The Day I Decided to Become a Financial Planner


financial plannerI didn’t plan to be a financial planner.

When people ask about what I studied in college or where I started my career, they’re often surprised to find out I was originally a news reporter and anchor for a local TV station. Inevitably, the question they ask next is, “How did you get from THAT to THIS?”


The answer is simple: When my mother passed away unexpectedly at the age of 52, I figured out the hard way that people need help managing money. I was 24 at the time—not an age at which you’d expect to get that phone call.

I had just returned from spending the weekend at home with my parents. We had taken my two-year-old niece to her first play, and had eaten at a new café my mom had been excited to try.

The Phone Call No One Wants to Get

As I made the four-hour drive back from their place, I was thinking about what a great weekend we’d had, and how I almost hadn’t come home because I was too tired from a long week. Less than 24 hours later, my dad called me at work to tell me my mom had had a headache and passed out at work, that they were taking her to the hospital.

I jumped in the car and started driving; luckily, I hadn’t even unpacked the carload of laundry I’d taken home. Unfortunately, in the end, it didn’t matter how fast I drove; my mom died of a brain aneurysm before I got there. “There’s nothing anyone could have done,” the doctors told us.

I never had time to grieve. The next few days were a whirlwind. My dad was in shock and unable to handle any of the details on his own. As the oldest child, it was my job to step in and take charge. I don’t remember a conscious decision ever being made about this—it just sort of happened. I chose a funeral home, arranged the service, made call after call to our friends and family, and eventually had to deal with the “tackier” details: claiming my mom’s life insurance and dealing with all of the financial decisions that had to be made, like consulting an estate planning attorney once we realized my mother hadn’t written a will.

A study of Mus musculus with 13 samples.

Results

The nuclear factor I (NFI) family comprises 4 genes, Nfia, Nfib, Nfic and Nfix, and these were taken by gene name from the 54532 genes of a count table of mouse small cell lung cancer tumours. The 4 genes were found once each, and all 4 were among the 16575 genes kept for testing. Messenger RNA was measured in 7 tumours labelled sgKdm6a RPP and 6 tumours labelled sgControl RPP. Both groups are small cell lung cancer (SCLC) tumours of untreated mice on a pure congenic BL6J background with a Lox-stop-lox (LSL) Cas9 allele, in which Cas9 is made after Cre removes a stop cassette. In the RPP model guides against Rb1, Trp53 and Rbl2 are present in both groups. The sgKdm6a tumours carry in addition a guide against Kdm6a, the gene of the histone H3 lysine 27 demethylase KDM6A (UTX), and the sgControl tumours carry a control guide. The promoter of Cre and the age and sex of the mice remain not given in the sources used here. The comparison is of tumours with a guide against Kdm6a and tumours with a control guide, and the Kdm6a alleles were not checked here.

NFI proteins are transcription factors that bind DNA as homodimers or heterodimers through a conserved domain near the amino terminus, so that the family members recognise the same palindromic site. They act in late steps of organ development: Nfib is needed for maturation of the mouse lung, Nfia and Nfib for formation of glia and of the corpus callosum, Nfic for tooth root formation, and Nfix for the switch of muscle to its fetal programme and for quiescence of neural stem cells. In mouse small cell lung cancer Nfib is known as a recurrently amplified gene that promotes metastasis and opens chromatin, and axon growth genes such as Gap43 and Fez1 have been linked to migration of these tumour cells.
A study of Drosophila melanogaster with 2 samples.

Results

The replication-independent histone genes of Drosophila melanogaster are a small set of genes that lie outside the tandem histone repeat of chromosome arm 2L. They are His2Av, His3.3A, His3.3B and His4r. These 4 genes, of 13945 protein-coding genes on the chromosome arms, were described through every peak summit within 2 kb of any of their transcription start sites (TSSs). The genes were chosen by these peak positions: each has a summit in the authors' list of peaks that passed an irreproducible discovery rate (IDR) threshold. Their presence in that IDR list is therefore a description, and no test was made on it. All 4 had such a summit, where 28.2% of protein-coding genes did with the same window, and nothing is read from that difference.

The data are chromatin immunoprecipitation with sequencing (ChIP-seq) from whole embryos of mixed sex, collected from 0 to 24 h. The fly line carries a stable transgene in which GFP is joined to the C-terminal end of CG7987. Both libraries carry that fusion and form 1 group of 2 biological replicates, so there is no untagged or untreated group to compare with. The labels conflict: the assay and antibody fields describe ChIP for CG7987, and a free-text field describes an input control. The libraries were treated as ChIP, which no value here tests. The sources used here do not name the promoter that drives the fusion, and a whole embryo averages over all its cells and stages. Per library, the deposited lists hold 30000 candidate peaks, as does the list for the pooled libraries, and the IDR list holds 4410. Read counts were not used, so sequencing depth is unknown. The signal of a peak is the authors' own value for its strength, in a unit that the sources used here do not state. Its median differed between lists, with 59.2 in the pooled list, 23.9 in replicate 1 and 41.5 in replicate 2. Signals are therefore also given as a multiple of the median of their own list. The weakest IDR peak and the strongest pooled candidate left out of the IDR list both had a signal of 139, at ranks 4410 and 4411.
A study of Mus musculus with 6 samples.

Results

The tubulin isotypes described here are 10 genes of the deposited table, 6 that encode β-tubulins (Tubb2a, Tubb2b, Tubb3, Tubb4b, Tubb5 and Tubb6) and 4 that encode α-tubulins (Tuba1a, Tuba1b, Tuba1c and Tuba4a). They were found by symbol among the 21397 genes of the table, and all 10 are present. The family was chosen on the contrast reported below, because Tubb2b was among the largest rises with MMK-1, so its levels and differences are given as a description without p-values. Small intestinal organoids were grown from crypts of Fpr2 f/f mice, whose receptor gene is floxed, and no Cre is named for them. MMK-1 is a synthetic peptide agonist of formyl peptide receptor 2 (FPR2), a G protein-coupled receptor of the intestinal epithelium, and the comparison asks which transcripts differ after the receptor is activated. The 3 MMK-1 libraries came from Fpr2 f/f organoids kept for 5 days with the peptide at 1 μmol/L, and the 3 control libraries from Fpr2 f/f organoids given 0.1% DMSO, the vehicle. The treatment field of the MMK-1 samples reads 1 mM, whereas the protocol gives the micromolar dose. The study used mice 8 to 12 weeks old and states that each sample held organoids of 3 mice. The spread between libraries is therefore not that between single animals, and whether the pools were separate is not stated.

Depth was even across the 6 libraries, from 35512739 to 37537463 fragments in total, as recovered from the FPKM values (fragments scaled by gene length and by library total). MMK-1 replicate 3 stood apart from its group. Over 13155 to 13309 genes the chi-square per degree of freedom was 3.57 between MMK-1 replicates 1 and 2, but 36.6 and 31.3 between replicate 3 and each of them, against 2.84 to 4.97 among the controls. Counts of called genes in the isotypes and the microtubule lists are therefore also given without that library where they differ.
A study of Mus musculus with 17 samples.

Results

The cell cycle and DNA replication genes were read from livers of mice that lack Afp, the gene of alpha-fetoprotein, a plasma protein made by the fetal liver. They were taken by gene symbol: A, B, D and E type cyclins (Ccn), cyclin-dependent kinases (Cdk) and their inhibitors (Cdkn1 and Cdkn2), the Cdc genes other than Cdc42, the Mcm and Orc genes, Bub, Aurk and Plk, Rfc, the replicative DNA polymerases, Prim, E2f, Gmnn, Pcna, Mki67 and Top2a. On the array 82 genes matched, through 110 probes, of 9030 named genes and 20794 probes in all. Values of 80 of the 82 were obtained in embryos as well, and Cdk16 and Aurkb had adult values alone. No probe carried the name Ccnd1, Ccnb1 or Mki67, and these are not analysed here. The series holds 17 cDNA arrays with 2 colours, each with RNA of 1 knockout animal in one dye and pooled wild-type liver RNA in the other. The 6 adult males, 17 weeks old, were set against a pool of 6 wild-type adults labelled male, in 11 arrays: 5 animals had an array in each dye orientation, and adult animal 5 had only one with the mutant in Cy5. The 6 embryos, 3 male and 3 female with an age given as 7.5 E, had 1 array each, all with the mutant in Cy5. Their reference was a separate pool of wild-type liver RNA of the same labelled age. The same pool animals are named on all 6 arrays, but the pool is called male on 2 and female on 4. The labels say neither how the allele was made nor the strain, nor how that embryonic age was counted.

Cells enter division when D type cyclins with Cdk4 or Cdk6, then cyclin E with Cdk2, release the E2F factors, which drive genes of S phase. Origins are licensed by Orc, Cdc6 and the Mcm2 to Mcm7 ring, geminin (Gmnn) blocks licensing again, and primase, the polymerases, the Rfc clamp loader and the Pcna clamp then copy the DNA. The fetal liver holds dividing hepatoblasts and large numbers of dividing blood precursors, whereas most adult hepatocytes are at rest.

RELATED: Wills and Trusts 101

Talk about confusing. The attorney helped us figure out what my mother’s share of the community property estate was and suggested we create a trust. It seemed like the easiest way to allow me to manage the assets for my father and distribute income as needed. But hold up a minute: You might be wondering why that job fell to me.

  • Christina_Sunshine

    Thank you for this well-written and heartfelt article. Due to illness and death, I am caring for my Mom and my Grandma’s affairs, in addition to my own household (I’m 36).

    It has been difficult to make decisions and to feel comfortable in the process. I am very grateful to you for sharing your experience.

  • Danie

    Thank you for sharing your story- it was an incredible read. I am 100 positive, your mom is beaming down on you. God bless.

  • Budziak

    Love this article. I experienced a different (more temporary) loss in the family, which led to the discovery of my family’s lack of financial knowledge. I’m the youngest in my family (by 15+ years), yet I was given the responsibility of finances. It was extremely overwhelming and I almost dropped out of college because of it. The thing that kept me hanging on was knowing I never wanted anyone I loved to go through what I did and now I’m following the same career path :-)

  • Justin Rodriguez

    Thanks for sharing the value that a financial adviser (particularly a CFP) can bestow upon others. I was wondering if you could share some of those resources (books, whatever) that were instrumental in providing you with a comprehensive understanding of money management. There are so many resources out there that recommendations are necessary not to get lost in the choices. Thanks again for honoring your mother who I’m sure gave her everything to you.

    • Derek Coleman

      Hey Justin. I actually have this same question – were you provided with any of those sources? I’d love to follow the same foot steps and teach myself through reading, but it’s tough to gather the right collection of resources.